Closing Hartmann's operation

This is one of the more difficult operations in this manual, so refer the patient if you can. Hartmann's operation will have left the proximal end of his gut blind, and his anal canal open. You will have to mobilize his proximal colon, open his distal colon, and bring his proximal colon down to meet it. The key step is to place all the sutures on the posterior (''Lembert', 9.3) layer of his gut, before you close any of them.

CLOSING HARTMANN'S OPERATION TIMING. Do it 6 to 12 weeks after the first stage.

PREPARATION. Give him fluids only for the first two days preoperatively. On the day before the operation wash out the proximal loop, and give the rectosigmoid stump an enema.

ANAESTHESIA. Subarachnoid anaesthesia, or general anaesthesia, intubation, and relaxants. Insert an intravenous line.

METHOD. Lay the patient supine, and raise the foot of his bed to give you better access to his pelvis. If you are right- handed, stand on his left. Open the previous wound (midline or paramedian). Using scissors and gentle blunt dissection, carefully separate the adhesions between his gut and his abdominal wall. If you operate at the best time (6 to 12 weeks) these should be light.

Find the proximal end and free it for 15 cm, without damaging its mesentery. To do this, incise the peritoneum covering his posterior abdominal wall 1 cm lateral to his descending colon. Then mobilize his colon medially by blunt dissection (as shown by the arrows in Fig. 10-17a). Mobilize it well, so that it reaches the distal stump without tension.

Apply a crushing clamp 2 cm from the exit of the proximal end through his abdominal wall. Apply a non-crushing clamp well proximally to prevent contamination (his gut should be empty). Mobilize the proximal end, so that it can reach the distal end easily.

Dissect out the distal end (the suture you placed earlier will make this easier to find). Dissect across the top and about 2 cm down each side (Diagram B, line a-b). Cut it across 5 to 10 mm from its blind end (C, line c-d).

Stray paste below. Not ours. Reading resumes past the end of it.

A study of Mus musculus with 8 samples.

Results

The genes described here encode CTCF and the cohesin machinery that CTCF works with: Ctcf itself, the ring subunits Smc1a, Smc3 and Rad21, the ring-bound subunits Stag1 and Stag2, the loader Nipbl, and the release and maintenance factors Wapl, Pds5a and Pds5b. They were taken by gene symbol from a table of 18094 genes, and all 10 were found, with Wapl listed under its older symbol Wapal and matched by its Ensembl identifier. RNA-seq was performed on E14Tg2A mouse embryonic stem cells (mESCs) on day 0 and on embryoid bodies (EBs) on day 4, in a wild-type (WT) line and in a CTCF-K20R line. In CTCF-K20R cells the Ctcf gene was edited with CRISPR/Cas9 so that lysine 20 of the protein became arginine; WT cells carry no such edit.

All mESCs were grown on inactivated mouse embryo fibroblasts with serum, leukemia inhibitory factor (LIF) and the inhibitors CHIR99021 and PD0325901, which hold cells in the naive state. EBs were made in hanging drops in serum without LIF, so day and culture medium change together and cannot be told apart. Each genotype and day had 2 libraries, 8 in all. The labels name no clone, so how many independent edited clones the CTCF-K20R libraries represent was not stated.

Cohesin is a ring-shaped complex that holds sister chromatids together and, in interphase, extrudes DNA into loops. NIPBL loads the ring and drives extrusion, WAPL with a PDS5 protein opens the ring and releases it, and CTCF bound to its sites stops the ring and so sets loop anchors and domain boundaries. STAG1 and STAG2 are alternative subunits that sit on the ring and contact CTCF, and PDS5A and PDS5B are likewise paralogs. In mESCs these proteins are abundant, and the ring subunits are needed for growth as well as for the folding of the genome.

Insert about 10 atraumatic 2/0 multifilament sutures through the musculoserosal layer of the posterior aspect of both ends of his gut about 3 mm apart, leaving their ends long, and held in haemostats (D). Avoid the mucosa by turning this inwards. When these are complete draw them all together to approximate the bowel ends. Leave one suture at each end long (E). Insert a continuous ''all coats' layer of 2/0 chromic catgut or ''Vicryl' or ''Dexon', starting at one end and leaving the end long.

Continue the ''all coats' layer to close his gut anteriorly, and tie the ends of the suture together to complete it. Then insert Lembert sutures for the anterior musculo-serosal layer in the usual way. Use a long needle-holder and small (16[nd]25 mm needle) atraumatic sutures. Check the soundness of the anastomosis and the size of the lumen by pinching it between your thumb and finger (Q, 9-9).

Close any hole through which a loop of small gut might prolapse (see Section 10.10). Close his abdomen as a single layer (9.8), and manage him postoperatively as for any other gut anastomosis (9.9) and do Lord's procedure.

DIFFICULTIES [s7]CLOSING HARTMANN'S OPERATION If you CANNOT BRING THE ENDS OF HIS GUT TOGETHER easily, remove the non-crushing clamp, and mobilize more descending colon, by cutting his peritoneum further up his paracolic gutter, and raising more descending colon and mesentery. You can always bring the gut ends together if you mobilize enough mesentery.

If the ENDS OF HIS GUT ARE DIFFERENT SIZES (the proximal end is usually bigger), place the sutures for the wider end further apart.

If the LUMEN IS TOO NARROW, or there is a DOG EAR OF SPARE GUT, undo the anastomosis and start again. This may harm him, and should trouble your conscience.

If the ENDS OF THE GUT BLEED, press them firmly for up to 5 minutes. If there is a bleeding vessel beside the gut, clamp and tie it.

Fig. 10-17a CLOSING HARTMANN'S OPERATION. If you cannot refer a patient and have to close his colostomy, do it like this[md]his distal gut is usually deeper in his pelvis, even than shown here. A, mobilizing his colon. B, freeing his rectal stump. C, cutting off the top of his rectal stump. D, placing the seromuscular (Lembert) sutures that will draw the two ends of his gut together. You can use simple sutures like the three on the left, or the mattress sutures shown on right which are slightly more difficult. E, the sutures placed in D, have been pulled tight. Note that the two end ones have been left long.